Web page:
The Emily Books

I read the L.M. Montgomery’s Anne books in college (having missed out on a lot of children’s classics as a kid). I enjoyed the first few books in the series, but Anne’s personality was a lot once she became an adults, so I eventually gave up on the series and L.M. Montgomery. But all the talk about the Emily books on the Netflix series Russian Doll — and especially about how dark Emily is — caught my attention.

I don’t know that Emily is a dark person, but she most definitely doesn’t have a sunny disposition. Throughout the series she moves between periods of ambitious determination and resigned fatalism. In the first book, Emily of New Moon, her father has just died, and she feels ready to die herself. Only gradually does she find a new reason to live as she discovers her gift of writing. The second book, Emily Climbs, is perhaps the most hopeful of the trio, as Emily starts to take her first steps into a career. In the final book, Emily’s Quest, she experiences serious setbacks in both her career and her personal life and is, for a time, unwilling to do much of anything about it. This is, I think, the darkest and most interesting book of the series.

One thing I found interesting about the series was how skillfully Montgomery showed Emily’s development as a writer. All three books includes excerpts of her letters and diaries, and the writing gets better and better as the books go on. I have to confess, I found Emily’s writing in the first book so over the top that I often ended up skimming. But Montgomery knew what she was doing, and in each book, her writing gets better and better, more confident and less full of unnecessary fluff.

Throughout the series, Emily’s relationships with friends, family, and potential beaus are important, but her relationship with her writing is just as important. It’s not that she’s single-mindedly devoted to her career, as many assume. She cares about people, but with caution. That caution, paradoxically, makes her vulnerable to people who figure out precisely how to approach her (I could go on and on about one person in particular), and it creates barriers separating her from others. She is a sharp observer who thinks a lot about everything and everyone, but she doesn’t always understand what she’s seeing. This makes the third book in particular a sometimes frustrating experience, but I kind of enjoyed the angst of it.


  1. realbooks4everstephanie says:

    I’ve never heard of these books. Then again, I’ve never read Anne Of Green Gables either.

  2. writerrea says:

    A few years ago, I read the collection of L.M. Montgomery’s diaries. I expected them to be jolly and full of Prince Edward Island cheer. Alas, it was not to be. While I was reading them, the story broke that her descendants said she had committed suicide. Reading her diaries, that seemed entirely likely.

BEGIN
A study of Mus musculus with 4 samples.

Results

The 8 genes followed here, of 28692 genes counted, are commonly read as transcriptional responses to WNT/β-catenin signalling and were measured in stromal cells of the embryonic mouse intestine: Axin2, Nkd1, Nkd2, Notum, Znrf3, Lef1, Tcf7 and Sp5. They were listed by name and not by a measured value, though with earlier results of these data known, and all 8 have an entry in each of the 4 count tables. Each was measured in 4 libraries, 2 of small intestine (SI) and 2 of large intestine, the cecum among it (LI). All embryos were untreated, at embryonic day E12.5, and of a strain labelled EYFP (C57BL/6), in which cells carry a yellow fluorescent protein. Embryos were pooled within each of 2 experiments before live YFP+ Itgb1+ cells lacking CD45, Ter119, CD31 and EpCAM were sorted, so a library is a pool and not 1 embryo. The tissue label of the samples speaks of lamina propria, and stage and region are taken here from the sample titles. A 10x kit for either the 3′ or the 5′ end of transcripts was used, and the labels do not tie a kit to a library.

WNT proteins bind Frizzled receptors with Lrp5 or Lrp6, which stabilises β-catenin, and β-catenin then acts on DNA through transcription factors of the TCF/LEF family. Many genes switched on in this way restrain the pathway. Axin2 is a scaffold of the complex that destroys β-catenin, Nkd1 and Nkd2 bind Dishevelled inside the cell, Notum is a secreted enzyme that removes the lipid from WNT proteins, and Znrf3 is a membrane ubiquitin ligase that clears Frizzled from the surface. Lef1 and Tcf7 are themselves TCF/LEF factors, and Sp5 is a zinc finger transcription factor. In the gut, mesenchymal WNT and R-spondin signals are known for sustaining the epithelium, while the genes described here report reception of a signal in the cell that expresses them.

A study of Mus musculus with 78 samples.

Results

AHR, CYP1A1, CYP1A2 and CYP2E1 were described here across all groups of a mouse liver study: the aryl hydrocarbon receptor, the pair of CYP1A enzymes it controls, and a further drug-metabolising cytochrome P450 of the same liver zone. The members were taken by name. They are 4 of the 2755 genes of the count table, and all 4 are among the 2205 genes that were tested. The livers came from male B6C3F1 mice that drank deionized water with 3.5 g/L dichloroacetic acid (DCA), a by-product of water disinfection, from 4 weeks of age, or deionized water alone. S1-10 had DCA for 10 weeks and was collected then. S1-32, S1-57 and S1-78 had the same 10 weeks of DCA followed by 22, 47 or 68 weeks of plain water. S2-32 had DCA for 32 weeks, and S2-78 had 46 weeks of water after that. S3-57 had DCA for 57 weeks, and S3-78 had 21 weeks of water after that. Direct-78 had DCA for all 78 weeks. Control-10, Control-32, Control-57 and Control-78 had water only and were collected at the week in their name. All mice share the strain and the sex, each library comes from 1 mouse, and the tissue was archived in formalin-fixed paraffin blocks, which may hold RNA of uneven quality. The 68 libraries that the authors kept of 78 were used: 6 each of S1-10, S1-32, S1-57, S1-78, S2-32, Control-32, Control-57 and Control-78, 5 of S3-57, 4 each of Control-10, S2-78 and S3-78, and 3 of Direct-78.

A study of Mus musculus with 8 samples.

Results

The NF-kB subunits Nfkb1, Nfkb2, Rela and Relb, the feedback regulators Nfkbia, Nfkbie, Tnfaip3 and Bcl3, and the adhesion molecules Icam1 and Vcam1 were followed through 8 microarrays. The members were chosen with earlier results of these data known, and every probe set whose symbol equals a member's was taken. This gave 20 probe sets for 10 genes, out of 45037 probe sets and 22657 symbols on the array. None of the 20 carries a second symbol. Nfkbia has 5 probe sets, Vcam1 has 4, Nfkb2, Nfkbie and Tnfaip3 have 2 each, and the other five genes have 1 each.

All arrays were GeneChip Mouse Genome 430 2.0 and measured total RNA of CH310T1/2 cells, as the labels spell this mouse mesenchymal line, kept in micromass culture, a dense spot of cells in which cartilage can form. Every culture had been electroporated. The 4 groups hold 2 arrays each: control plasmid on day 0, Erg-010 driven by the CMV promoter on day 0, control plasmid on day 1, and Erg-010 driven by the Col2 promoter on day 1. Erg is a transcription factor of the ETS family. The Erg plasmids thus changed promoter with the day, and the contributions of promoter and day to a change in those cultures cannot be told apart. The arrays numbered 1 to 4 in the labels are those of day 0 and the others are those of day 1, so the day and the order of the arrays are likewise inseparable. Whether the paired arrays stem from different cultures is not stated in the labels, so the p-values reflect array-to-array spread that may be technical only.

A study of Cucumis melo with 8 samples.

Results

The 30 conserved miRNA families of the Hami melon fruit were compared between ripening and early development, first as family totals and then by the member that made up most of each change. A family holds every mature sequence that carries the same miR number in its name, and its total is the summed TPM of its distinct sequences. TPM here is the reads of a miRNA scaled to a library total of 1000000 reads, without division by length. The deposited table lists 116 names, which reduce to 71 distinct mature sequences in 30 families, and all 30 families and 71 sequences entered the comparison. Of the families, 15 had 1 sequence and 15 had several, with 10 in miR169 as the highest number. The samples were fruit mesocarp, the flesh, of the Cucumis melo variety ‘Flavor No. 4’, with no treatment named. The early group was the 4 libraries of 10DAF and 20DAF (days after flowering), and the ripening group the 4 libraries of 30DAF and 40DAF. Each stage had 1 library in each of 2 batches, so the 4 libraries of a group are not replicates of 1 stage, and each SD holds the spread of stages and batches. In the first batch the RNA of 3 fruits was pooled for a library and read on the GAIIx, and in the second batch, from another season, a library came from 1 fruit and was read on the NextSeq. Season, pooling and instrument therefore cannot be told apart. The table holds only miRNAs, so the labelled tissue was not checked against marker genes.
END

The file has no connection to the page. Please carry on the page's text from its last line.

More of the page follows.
3. Jeane says:

    I always liked the Emily books much better than Anne of Green Gables- in fact I don’t think I ever finished reading all the Anne books, but I’ve read the Emily series at least twice. I could relate much better to Emily (and her cat). I did find the ending of the last book troubling, but admit it’s been decades since I read them, so must revisit and see what I think now.

    • Teresa says:

      I didn’t mind the ending of the last book as far as Emilyshe ended up with, but it did seem too swift, and I think they both have a lot of growing up to do! I wouldn’t have minded if she’d not ended up with anyone or if they’d decided to take things slowly and see what happens.
      I was really rattled early on, though, when it appeared Dean, who’d been grooming her for years, was finally going to get his way. He troubled me almost from the first moment he appeared.

  4. I’m so glad you read these and liked them! I have always loved LM Montgomery’s less-well-known books more than the Anne series, and the Emily books have been comfort reads of mine since I was a little kid. I will say that as I have gotten older, Dean Priest reads a whole lot fucking creepier than I realized at age, like, eight. :P

    • Lory says:

      Dean creeps me out too…

      • Teresa says:

        He’s soooo creepy! I can see why a younger reader may not see it, but ugh.

        I kept thinking about Bhaer from Little Women, who I know lots of readers hate (for reasons I understand, even though I mostly don’t mind him). Bhaer at least seems to want Jo to do well for Jo’s own sake, whereas Dean seems mostly about turning Emily into the woman he wants, building her up into a perfect prize for himself until she seems too good and then tearing her down. The Worst!

  5. Ruthiella says:

    I know I read some of the Anne books – but probably not all. I really want to (a) find my box set which is probably in my garage and do a complete re-read of them. Then I might move on to the Emily books which you make very interesting with their dark undertones.